We got talking about the Aylesbury Property Market and this landlord brought up the subject of a report she had read from the Royal Institution of Chartered Surveyors (RICS) and PricewaterhouseCoopers (PwC) that stated almost 1.8m new rental homes are needed by 2025 to keep up with current demand from tenants. She wanted to know what this meant for Aylesbury.
Well, some commentators said last Winter that buy to let was about to die, what with the new stamp duty changes and how mortgage tax relief will be calculated. Others even said 500,000 rental properties would flood the market nationally in the 12 months after the new Stamp Duty rules came into force on the 1st April 2016 as landlords left the rental market. Well, I wish all the landlords of those half a million properties would hurry up and put them on the market – because I have plenty of other landlords wanting to buy them!
Back to the matter in hand.. if the RICS and PwC are indeed correct, what does this mean for Aylesbury? The fact is, as a country, we are facing a precarious rental shortage and need to get Aylesbury building in a way that benefits a cross-section of Aylesbury society, not just the fortunate few. This government should drop the higher stamp duty tax on buy to let purchases to ease the pressure on the rental market.
Of the 28,900 households in Aylesbury, currently 11,200 tenants live in 4,700 private rented properties. If we apportion those 1.8m households equally around the Country, that means in nine years’ time, the number of rental properties in Aylesbury needs to rise by 2,000 (i.e. 42.8%) .. taking the total number of rented properties in the town to 6,700.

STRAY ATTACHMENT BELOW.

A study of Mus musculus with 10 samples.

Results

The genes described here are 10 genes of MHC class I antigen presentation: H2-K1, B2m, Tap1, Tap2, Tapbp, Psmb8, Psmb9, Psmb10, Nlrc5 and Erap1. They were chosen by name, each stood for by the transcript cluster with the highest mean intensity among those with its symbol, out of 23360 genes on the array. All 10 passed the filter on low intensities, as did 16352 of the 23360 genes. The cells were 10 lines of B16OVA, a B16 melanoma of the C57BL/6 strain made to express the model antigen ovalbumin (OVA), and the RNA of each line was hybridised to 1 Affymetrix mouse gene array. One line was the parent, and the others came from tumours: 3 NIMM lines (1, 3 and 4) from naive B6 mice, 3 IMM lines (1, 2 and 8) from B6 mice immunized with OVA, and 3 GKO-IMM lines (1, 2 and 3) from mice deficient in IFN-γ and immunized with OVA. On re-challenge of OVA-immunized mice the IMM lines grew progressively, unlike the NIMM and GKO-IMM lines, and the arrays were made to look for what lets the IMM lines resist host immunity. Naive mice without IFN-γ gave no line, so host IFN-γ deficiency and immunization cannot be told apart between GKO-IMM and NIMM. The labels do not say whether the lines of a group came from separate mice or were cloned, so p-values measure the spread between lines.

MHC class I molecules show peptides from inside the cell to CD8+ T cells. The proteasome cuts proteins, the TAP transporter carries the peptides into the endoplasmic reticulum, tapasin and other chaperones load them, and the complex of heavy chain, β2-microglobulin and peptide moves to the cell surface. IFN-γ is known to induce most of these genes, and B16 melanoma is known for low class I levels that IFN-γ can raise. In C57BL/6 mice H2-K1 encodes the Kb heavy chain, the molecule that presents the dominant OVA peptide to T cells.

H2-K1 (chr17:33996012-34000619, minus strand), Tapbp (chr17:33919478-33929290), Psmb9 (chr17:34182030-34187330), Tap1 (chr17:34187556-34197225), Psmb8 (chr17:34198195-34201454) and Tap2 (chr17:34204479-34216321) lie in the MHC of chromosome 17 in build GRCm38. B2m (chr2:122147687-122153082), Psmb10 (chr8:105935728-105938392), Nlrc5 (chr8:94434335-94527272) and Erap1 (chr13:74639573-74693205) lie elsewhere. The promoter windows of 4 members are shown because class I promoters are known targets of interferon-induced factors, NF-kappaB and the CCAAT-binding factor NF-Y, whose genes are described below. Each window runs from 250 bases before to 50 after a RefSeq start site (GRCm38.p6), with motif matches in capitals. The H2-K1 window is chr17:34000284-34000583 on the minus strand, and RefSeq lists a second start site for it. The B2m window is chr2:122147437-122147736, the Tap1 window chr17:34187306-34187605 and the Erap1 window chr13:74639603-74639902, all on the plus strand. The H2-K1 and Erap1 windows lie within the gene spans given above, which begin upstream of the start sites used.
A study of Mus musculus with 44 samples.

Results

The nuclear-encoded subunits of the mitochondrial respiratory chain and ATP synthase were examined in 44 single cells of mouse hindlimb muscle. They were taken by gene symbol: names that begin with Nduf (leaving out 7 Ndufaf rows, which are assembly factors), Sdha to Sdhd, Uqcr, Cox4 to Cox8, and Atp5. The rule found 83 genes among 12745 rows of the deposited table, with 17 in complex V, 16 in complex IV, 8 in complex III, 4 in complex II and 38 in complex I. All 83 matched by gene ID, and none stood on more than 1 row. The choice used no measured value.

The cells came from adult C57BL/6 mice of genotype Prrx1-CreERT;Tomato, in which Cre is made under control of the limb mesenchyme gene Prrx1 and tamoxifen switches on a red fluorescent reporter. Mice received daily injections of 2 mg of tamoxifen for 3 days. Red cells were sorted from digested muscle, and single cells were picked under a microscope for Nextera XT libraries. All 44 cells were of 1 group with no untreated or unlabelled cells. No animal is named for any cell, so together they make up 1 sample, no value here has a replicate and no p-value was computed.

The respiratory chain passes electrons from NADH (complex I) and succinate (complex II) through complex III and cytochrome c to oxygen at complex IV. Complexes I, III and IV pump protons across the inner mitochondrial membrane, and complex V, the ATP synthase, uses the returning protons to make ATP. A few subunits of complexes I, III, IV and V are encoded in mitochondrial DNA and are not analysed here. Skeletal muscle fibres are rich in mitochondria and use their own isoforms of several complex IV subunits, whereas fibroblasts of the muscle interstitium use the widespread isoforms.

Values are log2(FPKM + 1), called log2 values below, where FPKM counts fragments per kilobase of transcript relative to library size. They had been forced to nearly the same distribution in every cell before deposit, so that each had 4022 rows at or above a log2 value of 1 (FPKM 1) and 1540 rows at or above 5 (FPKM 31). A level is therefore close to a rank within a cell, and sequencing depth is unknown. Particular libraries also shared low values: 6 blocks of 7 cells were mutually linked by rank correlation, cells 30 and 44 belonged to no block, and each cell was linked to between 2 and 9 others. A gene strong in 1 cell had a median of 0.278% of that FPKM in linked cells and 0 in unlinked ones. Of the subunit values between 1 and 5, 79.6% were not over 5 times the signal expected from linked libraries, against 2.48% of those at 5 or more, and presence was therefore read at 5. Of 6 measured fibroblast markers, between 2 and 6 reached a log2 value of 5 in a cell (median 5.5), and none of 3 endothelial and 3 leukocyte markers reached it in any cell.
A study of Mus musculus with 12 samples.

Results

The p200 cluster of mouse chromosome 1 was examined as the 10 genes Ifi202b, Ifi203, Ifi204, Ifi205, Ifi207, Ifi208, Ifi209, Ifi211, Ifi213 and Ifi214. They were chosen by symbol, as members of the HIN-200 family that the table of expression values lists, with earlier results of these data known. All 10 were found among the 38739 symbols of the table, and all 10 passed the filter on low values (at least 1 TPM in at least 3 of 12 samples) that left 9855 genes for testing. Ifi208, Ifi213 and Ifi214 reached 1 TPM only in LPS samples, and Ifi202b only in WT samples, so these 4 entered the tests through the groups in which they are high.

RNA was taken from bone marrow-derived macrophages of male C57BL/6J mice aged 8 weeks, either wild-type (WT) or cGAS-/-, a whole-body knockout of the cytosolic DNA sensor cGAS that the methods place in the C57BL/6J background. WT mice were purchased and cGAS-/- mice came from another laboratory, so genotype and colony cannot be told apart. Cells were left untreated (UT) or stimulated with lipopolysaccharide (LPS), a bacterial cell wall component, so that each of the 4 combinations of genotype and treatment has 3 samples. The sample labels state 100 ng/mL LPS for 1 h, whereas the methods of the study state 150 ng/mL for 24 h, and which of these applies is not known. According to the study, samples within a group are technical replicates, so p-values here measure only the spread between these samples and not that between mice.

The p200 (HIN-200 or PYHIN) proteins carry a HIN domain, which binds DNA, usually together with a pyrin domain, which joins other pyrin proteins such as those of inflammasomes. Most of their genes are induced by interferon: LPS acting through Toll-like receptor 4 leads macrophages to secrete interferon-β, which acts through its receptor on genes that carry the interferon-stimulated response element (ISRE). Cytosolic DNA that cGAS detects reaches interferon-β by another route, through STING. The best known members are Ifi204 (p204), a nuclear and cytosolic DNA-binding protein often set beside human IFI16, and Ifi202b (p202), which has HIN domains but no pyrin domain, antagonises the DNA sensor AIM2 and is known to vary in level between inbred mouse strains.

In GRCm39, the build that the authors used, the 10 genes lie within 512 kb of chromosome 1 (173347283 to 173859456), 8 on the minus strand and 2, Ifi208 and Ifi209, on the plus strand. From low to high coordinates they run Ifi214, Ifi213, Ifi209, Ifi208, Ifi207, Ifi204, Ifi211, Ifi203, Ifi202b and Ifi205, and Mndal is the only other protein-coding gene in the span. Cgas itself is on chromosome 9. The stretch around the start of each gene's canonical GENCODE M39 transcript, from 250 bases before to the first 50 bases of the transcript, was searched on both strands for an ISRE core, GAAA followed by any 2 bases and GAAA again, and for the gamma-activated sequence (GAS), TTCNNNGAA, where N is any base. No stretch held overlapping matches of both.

That means Aylesbury landlords need to buy around 200 properties a year every year between now and 2025 to meet that demand – because , an additional 4,800 people will want to live in all those 'additional' Aylesbury rental properties – so why is the government penalising landlords?
Thankfully the new housing minister Gavin Barwell detached Teresa May's new administration from the Cameron/Osborne focus of just home ownership to solve our housing issues, saying "we need to build more homes for every single type of person needing a home and not focus on one single tenure". The private rented sector became a stooge under David Cameron's watch and still, with increasingly unaffordable Aylesbury house prices, the majority of new Aylesbury households will be relying on the rental sector in the future to house them. Westminster must put in place the measures that will allow the rental sector to flourish. Any restrictions on the supply of rental property will push up rents (bad news for tenants), thus side-lining those members of Aylesbury society who are already struggling. Let's hope this new Government continues to see the contribution landlords give to the country as a whole.